What are the impacts of water pollution?
Water of adequate quality is an increasingly scarce resource. Substantial investments in wastewater treatment plants and progress in controlling point sources of pollution have contributed to significant improvements in water quality in recent decades. But a focus on point source pollution as a means of improving water quality is reaching its limits. Water pollution from unregulated diffuse sources of pollution from both urban and rural areas continues to rise. Unless attention is turned to these sources, further deterioration of water quality and freshwater ecosystems can be expected as human population grow, industrial and agriculture production intensifies, and climate change causes significant alteration to the hydrological cycle.
Unlike point source pollution, which enters a water body at a specific site such as a pipe discharge, diffuse pollution occurs when pollutants from a variety of activities runoff, leach or deposit into surface and groundwater bodies. The most prevalent water quality challenge globally is eutrophication. This is characterised by oxygen depletion and algal blooms leading to significant loss of aquatic biodiversity. The primary cause can be traced to excess nutrients from agriculture runoff.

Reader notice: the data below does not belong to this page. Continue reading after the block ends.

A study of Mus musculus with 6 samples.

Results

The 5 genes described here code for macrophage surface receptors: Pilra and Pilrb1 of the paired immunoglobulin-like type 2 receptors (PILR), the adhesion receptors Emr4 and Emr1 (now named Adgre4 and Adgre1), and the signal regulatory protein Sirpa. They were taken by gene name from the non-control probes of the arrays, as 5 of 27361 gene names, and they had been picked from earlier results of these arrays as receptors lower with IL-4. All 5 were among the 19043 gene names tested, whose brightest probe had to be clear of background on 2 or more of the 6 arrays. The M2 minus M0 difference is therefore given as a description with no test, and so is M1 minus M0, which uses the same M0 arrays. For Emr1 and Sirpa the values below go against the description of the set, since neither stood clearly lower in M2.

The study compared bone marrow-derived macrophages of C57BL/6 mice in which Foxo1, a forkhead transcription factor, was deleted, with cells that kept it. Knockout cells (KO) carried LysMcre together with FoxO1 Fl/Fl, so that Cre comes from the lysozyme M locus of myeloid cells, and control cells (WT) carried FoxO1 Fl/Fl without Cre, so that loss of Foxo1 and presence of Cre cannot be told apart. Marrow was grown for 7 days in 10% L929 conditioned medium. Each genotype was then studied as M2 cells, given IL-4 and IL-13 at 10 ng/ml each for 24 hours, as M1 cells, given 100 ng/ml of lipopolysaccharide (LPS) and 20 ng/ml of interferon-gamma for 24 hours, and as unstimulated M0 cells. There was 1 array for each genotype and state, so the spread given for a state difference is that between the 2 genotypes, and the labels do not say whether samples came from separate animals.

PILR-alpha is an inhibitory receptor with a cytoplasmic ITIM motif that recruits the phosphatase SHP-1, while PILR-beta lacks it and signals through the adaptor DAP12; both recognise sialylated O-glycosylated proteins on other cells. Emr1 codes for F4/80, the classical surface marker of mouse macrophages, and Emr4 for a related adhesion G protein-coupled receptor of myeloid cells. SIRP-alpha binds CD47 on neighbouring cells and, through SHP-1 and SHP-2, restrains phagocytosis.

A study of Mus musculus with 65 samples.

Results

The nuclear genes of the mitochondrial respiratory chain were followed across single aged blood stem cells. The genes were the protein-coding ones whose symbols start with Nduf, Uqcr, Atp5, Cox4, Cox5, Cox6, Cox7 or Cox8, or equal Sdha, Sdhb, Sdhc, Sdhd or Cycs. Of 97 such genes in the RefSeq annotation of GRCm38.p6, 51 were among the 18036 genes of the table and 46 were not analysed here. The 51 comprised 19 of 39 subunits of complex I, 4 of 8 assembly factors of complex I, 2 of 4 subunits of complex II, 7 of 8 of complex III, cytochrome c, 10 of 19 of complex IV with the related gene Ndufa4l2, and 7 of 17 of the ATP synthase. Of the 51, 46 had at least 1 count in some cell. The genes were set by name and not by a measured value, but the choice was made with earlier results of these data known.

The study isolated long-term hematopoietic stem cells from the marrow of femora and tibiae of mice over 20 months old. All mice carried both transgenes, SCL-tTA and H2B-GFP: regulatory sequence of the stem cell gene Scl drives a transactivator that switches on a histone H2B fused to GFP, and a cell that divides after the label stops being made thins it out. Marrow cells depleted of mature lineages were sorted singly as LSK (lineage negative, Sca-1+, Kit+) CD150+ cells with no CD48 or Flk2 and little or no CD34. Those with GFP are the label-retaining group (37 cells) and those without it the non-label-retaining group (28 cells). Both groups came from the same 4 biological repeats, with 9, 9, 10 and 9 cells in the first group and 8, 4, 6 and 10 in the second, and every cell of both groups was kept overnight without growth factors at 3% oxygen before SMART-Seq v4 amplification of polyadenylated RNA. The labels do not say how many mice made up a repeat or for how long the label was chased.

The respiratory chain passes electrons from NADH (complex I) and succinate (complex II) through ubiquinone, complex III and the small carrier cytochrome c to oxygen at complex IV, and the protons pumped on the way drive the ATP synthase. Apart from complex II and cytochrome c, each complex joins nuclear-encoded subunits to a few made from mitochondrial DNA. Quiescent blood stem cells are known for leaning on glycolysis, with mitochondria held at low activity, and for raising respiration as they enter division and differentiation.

Reducing the costs of diffuse pollution requires much greater attention from policymakers. The cost of current water pollution from diffuse sources exceeds billions of dollars each year. Economic costs include:
· Degradation of ecosystem services
· Health related costs
· Impacts on economic activities such as agriculture, industrial production, and tourism
· Increased water treatment costs
· Reduced property values
The scale of these costs means that seeking increasingly marginal reductions in point source pollution is no longer the most cost-effective approach to improve water quality.
The relative lack of progress with reducing diffuse pollution reflects the complexities of controlling multiple pollutants from multi sources, their high spatial and temporal variability, associated transactions costs, and limited political acceptability of regulatory measures.
This is where UnifAI Technology takes a major step forward in providing guidance on better managing water quality risks, by the deployment of real-time water quality monitoring solutions, that can provide timely information about water quality by directly processing the data collected from distributed monitoring mechanisms, thereby enabling quick responses to address potential leakages and water pollution incidents.